How Donald Trump's Speech on Charlottesville Failed America

On Friday, Aug. 11, white supremacists and neo-Nazis descended on Charlottesville, Virginia, marching in the night with tiki torches and chanting phrases like "white lives matter" and the Nazi slogan "blood and soil." The homegrown terrorist demonstration sparked a weekend of hate and fear in the city and across the nation, leaving three dead and 35 injured so far. But it wouldn't be until late the next morning that Donald Trump — who is on a "working vacation" at his Bedminster, New Jersey, golf club — would tweet about the event, and several hours more before he faced the country in a speech.

In Trump's address, the president of the United States had an opportunity to explicitly and forcefully condemn neo-Nazis and white supremacy, but he did not take it. Instead, he spoke vaguely against hate and bigotry, and perhaps most shockingly, suggested that there were "many sides" responsible for the violence and hatred boiling over in the city.

"We condemn in the strongest possible terms this egregious display of hatred, bigotry and violence on many sides — on many sides," Trump said in part of the speech, before dodging responsibility for his own contribution to empowering racism in America. "It's been going on for a long time in our country, not Donald Trump, not Barack Obama, it's been going on for a long, long time."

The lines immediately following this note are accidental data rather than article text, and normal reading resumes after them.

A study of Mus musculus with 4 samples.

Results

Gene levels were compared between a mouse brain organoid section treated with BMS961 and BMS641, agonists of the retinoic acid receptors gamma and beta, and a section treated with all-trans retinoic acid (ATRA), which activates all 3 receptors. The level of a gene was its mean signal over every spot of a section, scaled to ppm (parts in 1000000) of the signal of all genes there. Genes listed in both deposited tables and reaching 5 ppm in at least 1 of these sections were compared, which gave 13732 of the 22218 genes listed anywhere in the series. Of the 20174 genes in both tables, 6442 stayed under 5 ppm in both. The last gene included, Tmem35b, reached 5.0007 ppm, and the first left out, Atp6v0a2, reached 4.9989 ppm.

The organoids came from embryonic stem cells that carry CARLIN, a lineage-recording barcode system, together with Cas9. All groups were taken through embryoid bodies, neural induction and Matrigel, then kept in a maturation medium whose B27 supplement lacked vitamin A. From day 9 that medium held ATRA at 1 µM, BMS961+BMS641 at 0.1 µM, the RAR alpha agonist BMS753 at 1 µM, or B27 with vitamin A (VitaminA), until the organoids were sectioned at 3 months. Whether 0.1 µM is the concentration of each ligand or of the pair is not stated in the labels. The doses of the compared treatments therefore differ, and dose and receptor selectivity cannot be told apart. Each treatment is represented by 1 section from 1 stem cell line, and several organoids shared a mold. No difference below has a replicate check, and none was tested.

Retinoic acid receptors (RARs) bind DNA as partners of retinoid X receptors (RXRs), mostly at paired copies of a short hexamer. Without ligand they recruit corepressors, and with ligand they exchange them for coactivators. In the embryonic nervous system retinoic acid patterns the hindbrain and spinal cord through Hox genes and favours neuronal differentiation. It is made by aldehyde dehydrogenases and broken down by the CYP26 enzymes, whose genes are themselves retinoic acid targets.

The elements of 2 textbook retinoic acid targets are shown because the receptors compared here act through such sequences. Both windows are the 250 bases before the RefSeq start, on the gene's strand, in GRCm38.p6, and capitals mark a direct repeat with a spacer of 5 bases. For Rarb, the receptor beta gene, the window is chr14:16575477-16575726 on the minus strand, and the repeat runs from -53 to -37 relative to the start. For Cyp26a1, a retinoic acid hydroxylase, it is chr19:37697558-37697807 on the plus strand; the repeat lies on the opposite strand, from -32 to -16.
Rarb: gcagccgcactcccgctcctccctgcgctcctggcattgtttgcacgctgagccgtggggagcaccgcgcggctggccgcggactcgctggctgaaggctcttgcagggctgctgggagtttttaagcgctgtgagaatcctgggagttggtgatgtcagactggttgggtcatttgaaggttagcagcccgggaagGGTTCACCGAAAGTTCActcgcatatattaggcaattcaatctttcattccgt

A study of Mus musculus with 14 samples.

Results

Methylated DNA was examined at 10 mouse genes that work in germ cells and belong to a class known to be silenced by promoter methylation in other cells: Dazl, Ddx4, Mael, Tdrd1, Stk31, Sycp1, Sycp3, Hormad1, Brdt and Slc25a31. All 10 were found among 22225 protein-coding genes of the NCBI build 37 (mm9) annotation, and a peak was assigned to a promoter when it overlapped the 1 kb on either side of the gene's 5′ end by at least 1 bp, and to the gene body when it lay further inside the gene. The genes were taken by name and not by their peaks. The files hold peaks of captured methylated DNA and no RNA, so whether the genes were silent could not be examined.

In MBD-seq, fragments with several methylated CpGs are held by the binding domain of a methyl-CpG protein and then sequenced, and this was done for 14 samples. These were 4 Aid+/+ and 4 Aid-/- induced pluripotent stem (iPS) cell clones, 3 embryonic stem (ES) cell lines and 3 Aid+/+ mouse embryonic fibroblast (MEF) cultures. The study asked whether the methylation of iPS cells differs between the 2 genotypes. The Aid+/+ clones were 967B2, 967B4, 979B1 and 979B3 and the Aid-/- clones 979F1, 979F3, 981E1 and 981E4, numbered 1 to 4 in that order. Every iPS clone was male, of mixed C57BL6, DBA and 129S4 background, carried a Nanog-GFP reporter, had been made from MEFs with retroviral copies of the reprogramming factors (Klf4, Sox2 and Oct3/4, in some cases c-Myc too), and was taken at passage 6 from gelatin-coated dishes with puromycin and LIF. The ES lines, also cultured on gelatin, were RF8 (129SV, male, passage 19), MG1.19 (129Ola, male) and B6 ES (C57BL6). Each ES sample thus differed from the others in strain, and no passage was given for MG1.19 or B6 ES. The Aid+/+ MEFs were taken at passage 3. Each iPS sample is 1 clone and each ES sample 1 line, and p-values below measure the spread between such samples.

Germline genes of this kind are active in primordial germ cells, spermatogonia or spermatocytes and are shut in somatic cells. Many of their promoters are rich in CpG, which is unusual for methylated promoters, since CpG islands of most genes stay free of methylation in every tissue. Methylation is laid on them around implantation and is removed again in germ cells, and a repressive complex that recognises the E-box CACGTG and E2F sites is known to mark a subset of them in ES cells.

Trump also ignored reporters who asked him to denounce white nationalists or respond as to whether he considered the events in Charlottesville terrorism after delivering his message. It did not take long for prominent political figures on both sides of the aisle to condemn his decision not to use the words "neo-Nazi" or "white supremacy" or even "white nationalism" in his speech.

The truth is that Americans deserved to hear Donald Trump single out white supremacists and neo-Nazis by their name today. His silence spoke volumes.